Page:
Must-know scams to avoid when buying cars
When shopping for a car, it’s not just about choosing the best vehicle for your needs but also about avoiding scams and frauds as there are many who want your money including car dealers and car scammers. So, with so many cars for sale and dealers in the Philippines, what should you watch out for?
You will most likely fall into this scam when buying a car, which is often carried out by a group of criminals. These bad actors steal a real car, transform it into a resemblance of the legitimate car. At the same time, the car’s Vehicle Identification Number can also be changed. In this kind of scam, a V5 engine can even be modified to help the car look more trustworthy.
So, don’t rush into buying a high-spec car that comes at a price lower than the market standard. You should also meet the seller in person and track the address printed on the car’s engine.
Be careful with dealers who post vehicle advertisements on auction sites. They tend to copy the real seller’s ad and have no actual relationships with them.
When you agree to buy the car and transfer money to the agent, they will just disappear and you cannot get your money back or contact the agent. Only buy a car directly from the seller.
Failed finance deal
Here’s how the scam works: you find a car you can afford and agree to buy it. But a short time later, the seller calls you, saying that the deal has fallen through because of your bad debts. Then, they force you to pay a higher amount for the same car.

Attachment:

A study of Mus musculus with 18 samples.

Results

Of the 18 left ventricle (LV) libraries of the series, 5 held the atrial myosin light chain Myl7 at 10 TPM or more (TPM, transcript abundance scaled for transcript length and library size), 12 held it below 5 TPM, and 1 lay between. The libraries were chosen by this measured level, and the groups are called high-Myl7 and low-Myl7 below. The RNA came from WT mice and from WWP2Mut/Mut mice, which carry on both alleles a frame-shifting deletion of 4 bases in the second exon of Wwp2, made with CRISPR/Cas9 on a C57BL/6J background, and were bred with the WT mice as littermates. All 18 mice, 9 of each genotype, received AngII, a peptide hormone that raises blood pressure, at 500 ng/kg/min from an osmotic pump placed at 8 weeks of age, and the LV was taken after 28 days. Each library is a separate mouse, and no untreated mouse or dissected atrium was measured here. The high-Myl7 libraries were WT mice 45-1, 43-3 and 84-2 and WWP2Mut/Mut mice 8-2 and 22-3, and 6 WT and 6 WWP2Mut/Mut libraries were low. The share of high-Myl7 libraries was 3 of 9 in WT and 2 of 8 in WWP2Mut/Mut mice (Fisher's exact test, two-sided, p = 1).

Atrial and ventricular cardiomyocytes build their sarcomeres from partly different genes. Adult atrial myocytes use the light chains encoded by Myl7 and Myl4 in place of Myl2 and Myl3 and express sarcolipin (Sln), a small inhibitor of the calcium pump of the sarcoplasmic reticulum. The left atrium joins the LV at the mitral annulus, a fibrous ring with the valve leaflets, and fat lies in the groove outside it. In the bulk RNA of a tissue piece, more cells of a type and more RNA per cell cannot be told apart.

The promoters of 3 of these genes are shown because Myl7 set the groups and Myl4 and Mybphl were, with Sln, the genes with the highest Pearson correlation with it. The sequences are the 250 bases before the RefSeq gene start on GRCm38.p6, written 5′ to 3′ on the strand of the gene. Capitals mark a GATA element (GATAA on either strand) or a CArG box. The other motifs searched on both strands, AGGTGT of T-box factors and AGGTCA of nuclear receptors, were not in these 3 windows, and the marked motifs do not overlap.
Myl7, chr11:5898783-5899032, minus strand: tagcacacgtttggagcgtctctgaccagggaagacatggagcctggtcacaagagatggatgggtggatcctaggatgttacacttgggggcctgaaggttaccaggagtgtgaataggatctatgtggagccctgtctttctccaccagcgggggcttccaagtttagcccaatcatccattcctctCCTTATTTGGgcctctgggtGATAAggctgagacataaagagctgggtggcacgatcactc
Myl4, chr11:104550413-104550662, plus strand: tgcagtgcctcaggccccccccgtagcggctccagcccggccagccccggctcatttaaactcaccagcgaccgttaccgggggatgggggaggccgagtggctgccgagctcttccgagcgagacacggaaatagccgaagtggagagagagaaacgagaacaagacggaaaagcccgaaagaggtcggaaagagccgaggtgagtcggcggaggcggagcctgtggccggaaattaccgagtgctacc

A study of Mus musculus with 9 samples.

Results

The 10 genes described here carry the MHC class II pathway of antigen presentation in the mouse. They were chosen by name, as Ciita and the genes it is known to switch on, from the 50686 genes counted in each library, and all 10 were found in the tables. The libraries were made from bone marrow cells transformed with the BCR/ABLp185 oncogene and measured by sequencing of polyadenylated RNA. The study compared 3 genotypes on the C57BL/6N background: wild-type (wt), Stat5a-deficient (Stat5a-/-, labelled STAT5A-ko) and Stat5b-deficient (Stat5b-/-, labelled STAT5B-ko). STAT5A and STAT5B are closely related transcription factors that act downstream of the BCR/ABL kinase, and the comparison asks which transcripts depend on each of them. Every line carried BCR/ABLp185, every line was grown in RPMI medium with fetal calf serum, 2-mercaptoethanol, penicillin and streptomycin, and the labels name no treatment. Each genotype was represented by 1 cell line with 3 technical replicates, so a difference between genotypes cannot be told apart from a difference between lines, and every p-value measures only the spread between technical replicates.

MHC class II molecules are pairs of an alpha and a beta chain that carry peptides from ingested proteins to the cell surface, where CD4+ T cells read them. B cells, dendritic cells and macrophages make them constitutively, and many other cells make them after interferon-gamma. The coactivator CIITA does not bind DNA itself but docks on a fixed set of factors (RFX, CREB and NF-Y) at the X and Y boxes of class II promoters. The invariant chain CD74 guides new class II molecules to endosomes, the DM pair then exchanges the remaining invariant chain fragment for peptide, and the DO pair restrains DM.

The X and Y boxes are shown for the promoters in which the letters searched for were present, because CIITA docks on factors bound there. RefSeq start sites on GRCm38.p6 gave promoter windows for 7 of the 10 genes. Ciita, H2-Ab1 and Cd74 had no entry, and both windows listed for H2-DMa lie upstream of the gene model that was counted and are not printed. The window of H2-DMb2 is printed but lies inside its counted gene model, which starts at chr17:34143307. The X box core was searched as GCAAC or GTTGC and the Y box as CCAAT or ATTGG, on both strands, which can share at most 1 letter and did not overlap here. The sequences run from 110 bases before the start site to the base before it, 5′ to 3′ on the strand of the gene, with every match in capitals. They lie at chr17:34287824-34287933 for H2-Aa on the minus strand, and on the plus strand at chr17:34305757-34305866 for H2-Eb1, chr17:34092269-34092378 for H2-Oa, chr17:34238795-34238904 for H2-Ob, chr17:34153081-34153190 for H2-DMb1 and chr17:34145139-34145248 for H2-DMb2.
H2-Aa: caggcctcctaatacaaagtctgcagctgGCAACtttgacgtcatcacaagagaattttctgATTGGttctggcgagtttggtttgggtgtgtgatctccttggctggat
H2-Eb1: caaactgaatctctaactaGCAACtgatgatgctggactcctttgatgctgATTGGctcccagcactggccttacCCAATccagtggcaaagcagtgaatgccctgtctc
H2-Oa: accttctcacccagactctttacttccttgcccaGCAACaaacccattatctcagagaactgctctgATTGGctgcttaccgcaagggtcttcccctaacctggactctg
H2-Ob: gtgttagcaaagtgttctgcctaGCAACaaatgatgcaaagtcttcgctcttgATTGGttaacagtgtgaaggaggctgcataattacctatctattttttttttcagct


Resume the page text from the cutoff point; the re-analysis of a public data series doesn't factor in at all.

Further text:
This scam usually works for those who are not well aware of their own transaction history and financial records. So, if you receive a call like this, never agree to the new amount immediately. Take your time and check the information.
Low credit rating or high APR
Car buyers can fall into this scam when they don’t know their credit rating thoroughly. In this case, the seller takes advantage of this and offers you the car at a high percentage per year. The only way to avoid this scam is knowing your transaction history very well.
These scammers post the ads for a car on a website and when you contact them about the vehicle, they send you an email that says the car is kept in a different place due to a credit issue.
They then ask you to pay through a “reputable” site they provide, which is actually a scam website. Most of the time, these scammers don’t give you a phone number or detailed contact information other than an email to stay in touch.
To avoid this, you should choose a trustworthy car website like Philkotse.com as many people have used it, which translates to high reliability and efficiency.
A car should always be insured but it’s no way mandatory. If the seller asks you to buy an insurance, don’t rush to agree, as they are trying to jack up the amount you have to pay them. It’s completely your right to decide whether or not to have your car insured and which type of insurance to buy, take your time to make the best decision and only buy insurance when you are well aware of what you are buying.
Dealer preparation fee
This is not really a scam but rather a workaround, a trick to make the buyer pay extra money after the deal is complete. Before signing a contract, you must check the small prints to see if it requires you to pay an additional preparation fee to the seller. Otherwise, you can be contacted and asked for a large amount of money that you didn’t know you agreed to.
Whenever you see a dealer offering a car with an installment plan, keep your guard up. They do this to lengthen your payment period that will eventually increase the total amount compared with the original one. It’s not illegal but it’s not of your best interest.
These are the scams and tricks everyone must keep in mind when they are looking at cars for sale and before deciding or signing anything. We hope these tips will help reduce the risk of financial damages for you as much as possible. Good luck!!!